Coinbase Isn’t Going Bankrupt — Consumers May Be at Risk If It Does

A recent Coinbase disclosure prompted questions about the crypto exchange’s future. Executives say it isn't going bankrupt, but consumers could be at risk if it does.

Rachel Curry - Author

May 11 2022, Published 11:50 a.m. ET

Coinbase graphic and logo
Source: Coinbase Twitter

The regulatory gray area of cryptocurrency has real-world implications, a recent Coinbase (COIN) disclosure reminds us. Publicly traded cryptocurrency exchange Coinbase Global disclosed what could happen to consumer assets in the event of a bankruptcy, and the worst-case scenario isn't pretty.


Why do people think Coinbase is going bankrupt?

On May 10, Coinbase reported its earnings for the first quarter of fiscal 2022, which fell well below expectations. The crypto exchange reported a net loss of $430 million for the quarter as well as a 19-percent drop in users. Still, millions of crypto traders rely on Coinbase as a trustworthy exchange for a collective $256 billion in crypto and cash assets under management.


The SIPC (Securities Investor Protection Corporation), SEC Customer Protection Rule, and FINRA (Financial Industry Regulatory Authority) all protect traditional investments in the event of an investment brokerage bankruptcy, but cryptocurrency isn't a regulated asset class. That makes crypto investors using the Coinbase exchange “unsecured creditors” who could potentially lose their crypto holdings if the company goes bankrupt. Without protective regulation, the ultimate decision would be up to the court.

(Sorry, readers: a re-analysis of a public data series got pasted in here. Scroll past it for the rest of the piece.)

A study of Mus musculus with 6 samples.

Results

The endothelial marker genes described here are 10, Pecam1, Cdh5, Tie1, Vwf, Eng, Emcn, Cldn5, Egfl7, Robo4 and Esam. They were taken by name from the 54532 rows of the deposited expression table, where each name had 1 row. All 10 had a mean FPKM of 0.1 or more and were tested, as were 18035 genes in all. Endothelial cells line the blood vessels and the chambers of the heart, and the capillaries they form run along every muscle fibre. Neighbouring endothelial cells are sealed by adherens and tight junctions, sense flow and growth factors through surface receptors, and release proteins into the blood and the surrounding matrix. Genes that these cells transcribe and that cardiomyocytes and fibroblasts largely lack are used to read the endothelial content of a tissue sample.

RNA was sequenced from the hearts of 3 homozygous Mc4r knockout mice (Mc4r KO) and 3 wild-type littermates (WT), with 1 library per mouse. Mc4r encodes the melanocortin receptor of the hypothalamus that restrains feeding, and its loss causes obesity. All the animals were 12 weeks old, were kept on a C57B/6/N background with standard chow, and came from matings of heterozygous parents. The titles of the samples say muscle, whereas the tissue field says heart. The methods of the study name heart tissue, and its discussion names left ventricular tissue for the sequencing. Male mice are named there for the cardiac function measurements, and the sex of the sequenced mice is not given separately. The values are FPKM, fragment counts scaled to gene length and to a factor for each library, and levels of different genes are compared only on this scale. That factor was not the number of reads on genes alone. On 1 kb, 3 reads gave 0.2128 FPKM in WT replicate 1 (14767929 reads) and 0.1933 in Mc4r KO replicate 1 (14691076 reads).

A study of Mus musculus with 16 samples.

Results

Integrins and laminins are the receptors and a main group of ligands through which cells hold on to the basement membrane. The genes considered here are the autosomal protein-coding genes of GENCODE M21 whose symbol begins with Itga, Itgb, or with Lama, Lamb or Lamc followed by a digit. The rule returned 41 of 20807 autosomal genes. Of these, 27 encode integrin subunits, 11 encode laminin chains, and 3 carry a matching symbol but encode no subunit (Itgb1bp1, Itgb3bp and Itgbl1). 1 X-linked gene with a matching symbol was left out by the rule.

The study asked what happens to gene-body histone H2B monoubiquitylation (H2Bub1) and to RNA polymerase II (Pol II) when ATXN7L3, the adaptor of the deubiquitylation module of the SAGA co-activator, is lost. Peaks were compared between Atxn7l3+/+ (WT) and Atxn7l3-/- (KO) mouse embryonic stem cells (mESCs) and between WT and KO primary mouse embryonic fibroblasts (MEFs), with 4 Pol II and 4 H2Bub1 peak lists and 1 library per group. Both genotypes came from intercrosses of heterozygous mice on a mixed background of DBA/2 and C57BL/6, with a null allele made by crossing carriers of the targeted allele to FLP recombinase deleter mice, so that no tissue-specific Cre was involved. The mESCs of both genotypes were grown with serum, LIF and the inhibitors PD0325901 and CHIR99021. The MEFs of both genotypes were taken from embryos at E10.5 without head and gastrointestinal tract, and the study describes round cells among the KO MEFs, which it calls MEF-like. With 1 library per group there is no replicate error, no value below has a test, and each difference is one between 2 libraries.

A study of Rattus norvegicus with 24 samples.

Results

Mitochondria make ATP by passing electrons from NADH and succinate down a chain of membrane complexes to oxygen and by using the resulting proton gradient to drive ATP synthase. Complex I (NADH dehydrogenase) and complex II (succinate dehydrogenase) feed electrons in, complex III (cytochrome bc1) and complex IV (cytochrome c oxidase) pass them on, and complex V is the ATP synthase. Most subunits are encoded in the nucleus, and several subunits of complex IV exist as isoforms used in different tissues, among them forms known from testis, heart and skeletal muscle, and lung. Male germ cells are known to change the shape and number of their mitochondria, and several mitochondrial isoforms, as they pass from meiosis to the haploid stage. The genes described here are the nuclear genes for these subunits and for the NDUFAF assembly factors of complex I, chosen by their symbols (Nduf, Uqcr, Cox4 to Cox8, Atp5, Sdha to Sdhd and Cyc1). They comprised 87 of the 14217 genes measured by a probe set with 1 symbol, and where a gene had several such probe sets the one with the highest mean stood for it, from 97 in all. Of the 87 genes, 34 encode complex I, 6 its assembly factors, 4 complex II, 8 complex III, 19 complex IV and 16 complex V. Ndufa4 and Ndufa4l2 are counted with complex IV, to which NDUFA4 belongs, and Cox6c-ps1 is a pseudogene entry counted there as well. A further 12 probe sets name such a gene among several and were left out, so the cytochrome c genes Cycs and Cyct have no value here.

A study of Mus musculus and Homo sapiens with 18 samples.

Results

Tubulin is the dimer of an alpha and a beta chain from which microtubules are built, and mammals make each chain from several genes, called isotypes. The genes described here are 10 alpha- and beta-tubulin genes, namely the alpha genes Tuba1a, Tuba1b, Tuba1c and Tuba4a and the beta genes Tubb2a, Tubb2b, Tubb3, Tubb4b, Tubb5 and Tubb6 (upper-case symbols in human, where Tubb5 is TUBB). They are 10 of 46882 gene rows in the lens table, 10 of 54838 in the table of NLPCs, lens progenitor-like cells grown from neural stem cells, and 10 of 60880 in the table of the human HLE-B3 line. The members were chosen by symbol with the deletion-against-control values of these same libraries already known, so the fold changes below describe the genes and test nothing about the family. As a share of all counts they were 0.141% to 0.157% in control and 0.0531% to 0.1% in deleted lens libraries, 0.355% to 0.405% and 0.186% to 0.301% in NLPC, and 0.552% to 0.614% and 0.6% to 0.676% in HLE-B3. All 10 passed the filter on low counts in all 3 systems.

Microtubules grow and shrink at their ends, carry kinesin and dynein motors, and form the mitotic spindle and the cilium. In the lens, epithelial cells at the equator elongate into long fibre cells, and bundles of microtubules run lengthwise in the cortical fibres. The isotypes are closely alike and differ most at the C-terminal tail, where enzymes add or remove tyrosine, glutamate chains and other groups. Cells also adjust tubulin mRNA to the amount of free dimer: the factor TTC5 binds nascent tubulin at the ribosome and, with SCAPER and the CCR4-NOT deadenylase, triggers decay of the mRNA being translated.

Coinbase CEO Brian Armstrong says bankruptcy isn't in the cards.

Armstrong chimed in about what he says is a major misunderstanding. Armstrong tweeted, “We have no risk of bankruptcy. However, we included a new risk factor based on an SEC requirement called SAB 121, which is a newly required disclosure for public companies that hold crypto assets for third parties.”



Here’s what could possibly happen if Coinbase goes bankrupt

According to Armstrong, crypto investors using the Coinbase exchange can take measures to protect themselves in the reportedly unlikely event of a bankruptcy case. Armstrong writes, “We of course offer a self-custodial wallet solution (Coinbase Wallet) for those who prefer to store their own crypto.” Otherwise, regulation will be the key to protecting consumers who choose to trade crypto on platforms like Coinbase.